The high cost and limited clinical evidence for cell and gene therapies have led U.S. health plans and countries outside the United States to limit access.
Payers in the United States, Europe, and Canada limit access to cell and gene therapies, but those restrictions differ by payer, according to a recent study published in Health Policy.
“The primary underlying reasons for access restrictions in all regions appear to be scientific uncertainty at the time of approval, limited evidence, and the high cost of these therapies,” investigators wrote.
Investigators, including Peter J. Neumann, Sc.D., director of the Center for the Evaluation of Value and Risk in Health at Tufts Medical Center, assessed cell and gene therapies market access by analyzing 17 U.S. commercial payers and health technology assessment reports from five European countries (France, Germany, Spain, Italy, the United Kingdom) and Canada.
They found U.S. health plans applied restrictions in about 67% of their cell and gene therapy coverage policies, but some plans were more restrictive than others and plans did so inconsistently.
In Europe and Canada, health technology assessment bodies recommended access to fewer gene and cell therapy products than plans in the United States, but when coverage was recommended it was consistent with approval labeling.
Investigators used the Tufts Medical Center Specialty Drug Evidence and Coverage (SPEC) Database, which includes 17 of the 20 largest U.S. commercial health plans that represent about 60% of commercially covered lives.
They assessed coverage decisions for four cellular therapies: Novartis’ Kymriah (tisagenlecleucel), Gilead’s Yescarta (axicabtagene ciloleucel), Dendreon’s Provenge (sipuleucel-T), and Amgen’s Imlygic (talimogene laherparepvec), as well as two gene therapies: Novartis’ Zolgensma (onasemnogene abeparvovec) and Spark Therapeutics’ Luxturna (voretigene neparvovec-rzyl).
In the United States, the included health plans issued 109 coverage policies for the six therapies, and overall, they applied coverage restrictions in 64% of their decisions. Plans were the most generous with Imlygic, an oncolytic viral therapy to treat patients with melanoma lesions, with 67% covering the product according to the label. Plans were most restrictive with coverage for Zolgensma, which is a one-time treatment for patients with spinal muscular atrophy, and Luxturna, which is an injection in the retina to treat an inherited form of blindness, applying restrictions in 100% of coverage decisions.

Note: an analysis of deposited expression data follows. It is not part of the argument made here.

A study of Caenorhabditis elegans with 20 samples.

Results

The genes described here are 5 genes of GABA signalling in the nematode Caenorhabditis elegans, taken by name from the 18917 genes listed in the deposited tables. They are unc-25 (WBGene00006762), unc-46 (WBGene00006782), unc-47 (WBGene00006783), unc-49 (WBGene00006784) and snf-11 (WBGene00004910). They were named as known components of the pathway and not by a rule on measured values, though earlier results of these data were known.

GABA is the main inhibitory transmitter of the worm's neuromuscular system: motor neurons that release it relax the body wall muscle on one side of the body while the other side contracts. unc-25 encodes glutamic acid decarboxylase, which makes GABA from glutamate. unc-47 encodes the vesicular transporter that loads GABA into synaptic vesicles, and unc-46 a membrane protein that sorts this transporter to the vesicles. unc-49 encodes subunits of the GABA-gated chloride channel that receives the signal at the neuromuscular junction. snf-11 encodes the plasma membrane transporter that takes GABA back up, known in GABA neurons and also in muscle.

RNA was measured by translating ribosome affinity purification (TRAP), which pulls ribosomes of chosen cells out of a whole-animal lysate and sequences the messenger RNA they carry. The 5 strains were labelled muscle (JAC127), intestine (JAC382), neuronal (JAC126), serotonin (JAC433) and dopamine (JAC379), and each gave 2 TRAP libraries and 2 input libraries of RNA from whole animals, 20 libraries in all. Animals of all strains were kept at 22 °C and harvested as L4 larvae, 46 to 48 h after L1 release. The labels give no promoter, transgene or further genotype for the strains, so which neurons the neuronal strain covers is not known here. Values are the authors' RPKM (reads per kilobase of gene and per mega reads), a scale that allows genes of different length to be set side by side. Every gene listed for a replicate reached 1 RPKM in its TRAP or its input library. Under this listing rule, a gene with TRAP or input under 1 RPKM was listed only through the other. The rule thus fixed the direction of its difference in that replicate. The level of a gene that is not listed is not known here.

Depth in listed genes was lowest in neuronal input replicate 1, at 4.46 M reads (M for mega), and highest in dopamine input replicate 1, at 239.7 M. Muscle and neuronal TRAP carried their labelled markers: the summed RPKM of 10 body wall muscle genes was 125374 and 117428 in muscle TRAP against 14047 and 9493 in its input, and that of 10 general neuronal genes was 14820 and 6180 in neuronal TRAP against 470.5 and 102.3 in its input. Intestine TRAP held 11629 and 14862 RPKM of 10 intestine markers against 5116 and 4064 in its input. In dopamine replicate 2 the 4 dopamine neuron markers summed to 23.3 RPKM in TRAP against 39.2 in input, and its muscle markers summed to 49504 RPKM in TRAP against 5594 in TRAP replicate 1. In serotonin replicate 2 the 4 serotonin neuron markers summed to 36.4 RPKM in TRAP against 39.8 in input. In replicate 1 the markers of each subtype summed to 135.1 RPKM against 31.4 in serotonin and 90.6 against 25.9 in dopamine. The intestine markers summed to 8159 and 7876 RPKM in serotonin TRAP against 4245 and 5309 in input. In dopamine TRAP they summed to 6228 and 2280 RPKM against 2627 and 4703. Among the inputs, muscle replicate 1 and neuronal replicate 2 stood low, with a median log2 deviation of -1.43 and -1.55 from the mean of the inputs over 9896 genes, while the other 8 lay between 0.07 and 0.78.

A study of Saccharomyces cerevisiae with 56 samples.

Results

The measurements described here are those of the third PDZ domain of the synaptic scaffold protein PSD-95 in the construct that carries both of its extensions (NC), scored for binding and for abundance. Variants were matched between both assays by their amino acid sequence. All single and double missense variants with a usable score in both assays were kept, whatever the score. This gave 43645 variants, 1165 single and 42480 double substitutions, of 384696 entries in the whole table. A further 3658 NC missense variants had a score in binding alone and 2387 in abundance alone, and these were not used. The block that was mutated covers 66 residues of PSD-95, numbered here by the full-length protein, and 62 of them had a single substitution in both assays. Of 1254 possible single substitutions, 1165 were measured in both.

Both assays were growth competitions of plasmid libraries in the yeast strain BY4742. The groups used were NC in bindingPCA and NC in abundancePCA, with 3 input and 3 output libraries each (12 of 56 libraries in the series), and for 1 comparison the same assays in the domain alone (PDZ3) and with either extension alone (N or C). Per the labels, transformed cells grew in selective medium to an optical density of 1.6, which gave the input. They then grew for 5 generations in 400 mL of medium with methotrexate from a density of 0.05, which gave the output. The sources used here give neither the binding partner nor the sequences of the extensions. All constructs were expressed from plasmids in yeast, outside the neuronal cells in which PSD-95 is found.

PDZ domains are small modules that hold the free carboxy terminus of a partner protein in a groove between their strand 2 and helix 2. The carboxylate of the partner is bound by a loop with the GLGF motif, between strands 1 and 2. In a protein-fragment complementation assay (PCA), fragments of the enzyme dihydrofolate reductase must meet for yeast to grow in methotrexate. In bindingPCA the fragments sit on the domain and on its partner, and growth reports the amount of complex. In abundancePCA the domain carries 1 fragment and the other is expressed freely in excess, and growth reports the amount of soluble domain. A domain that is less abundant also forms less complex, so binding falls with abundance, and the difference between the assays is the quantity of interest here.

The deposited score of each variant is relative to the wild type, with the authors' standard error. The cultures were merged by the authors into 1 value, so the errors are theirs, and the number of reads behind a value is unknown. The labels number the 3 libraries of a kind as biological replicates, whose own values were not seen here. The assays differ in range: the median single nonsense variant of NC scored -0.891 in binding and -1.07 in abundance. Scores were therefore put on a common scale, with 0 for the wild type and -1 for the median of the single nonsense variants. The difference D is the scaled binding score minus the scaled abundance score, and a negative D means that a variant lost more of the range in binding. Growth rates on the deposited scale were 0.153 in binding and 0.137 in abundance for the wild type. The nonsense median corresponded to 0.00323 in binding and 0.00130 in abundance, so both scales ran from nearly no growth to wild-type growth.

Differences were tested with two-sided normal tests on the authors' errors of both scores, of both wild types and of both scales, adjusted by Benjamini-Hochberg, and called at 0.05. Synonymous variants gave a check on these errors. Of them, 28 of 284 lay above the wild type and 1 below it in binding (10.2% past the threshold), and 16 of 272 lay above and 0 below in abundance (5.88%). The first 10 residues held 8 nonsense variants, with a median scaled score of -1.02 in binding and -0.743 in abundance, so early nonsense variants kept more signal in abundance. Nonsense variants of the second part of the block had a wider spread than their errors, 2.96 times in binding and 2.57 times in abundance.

In Europe and Canada, as of December 2019, 10 cell and gene therapies had been granted a centralized marketing authorization in the European Union. Investigators identified 35 HTA opinions from HTA official websites.
In Europe, several countries made no decisions regarding access for several gene therapies, and they remain unavailable in those countries. Coverage decisions with clinical restrictions were issued in only three cases in Europe. For example, Imlygic received EMA authorization for the treatment of adults with unresectable melanoma that is regionally or distantly metastatic with no bone, brain, lung, or other visceral disease. In England, it is reimbursed only for patients for whom immunotherapy was not suitable.
In Europe and Canada, investigators identified nonclinical restrictions, specifically price reductions and managed access agreements. For example, in England, two cell and gene therapies have negotiated price reductions. Additionally, two CAR-T cell therapies — Kymriah, which treats patients with acute lymphoblastic leukemia and B-cell lymphoma, and Yescarta, which treats patients with B-cell lymphoma — were funded through the Cancer Drugs Fund, with requirements for additional data to be submitted.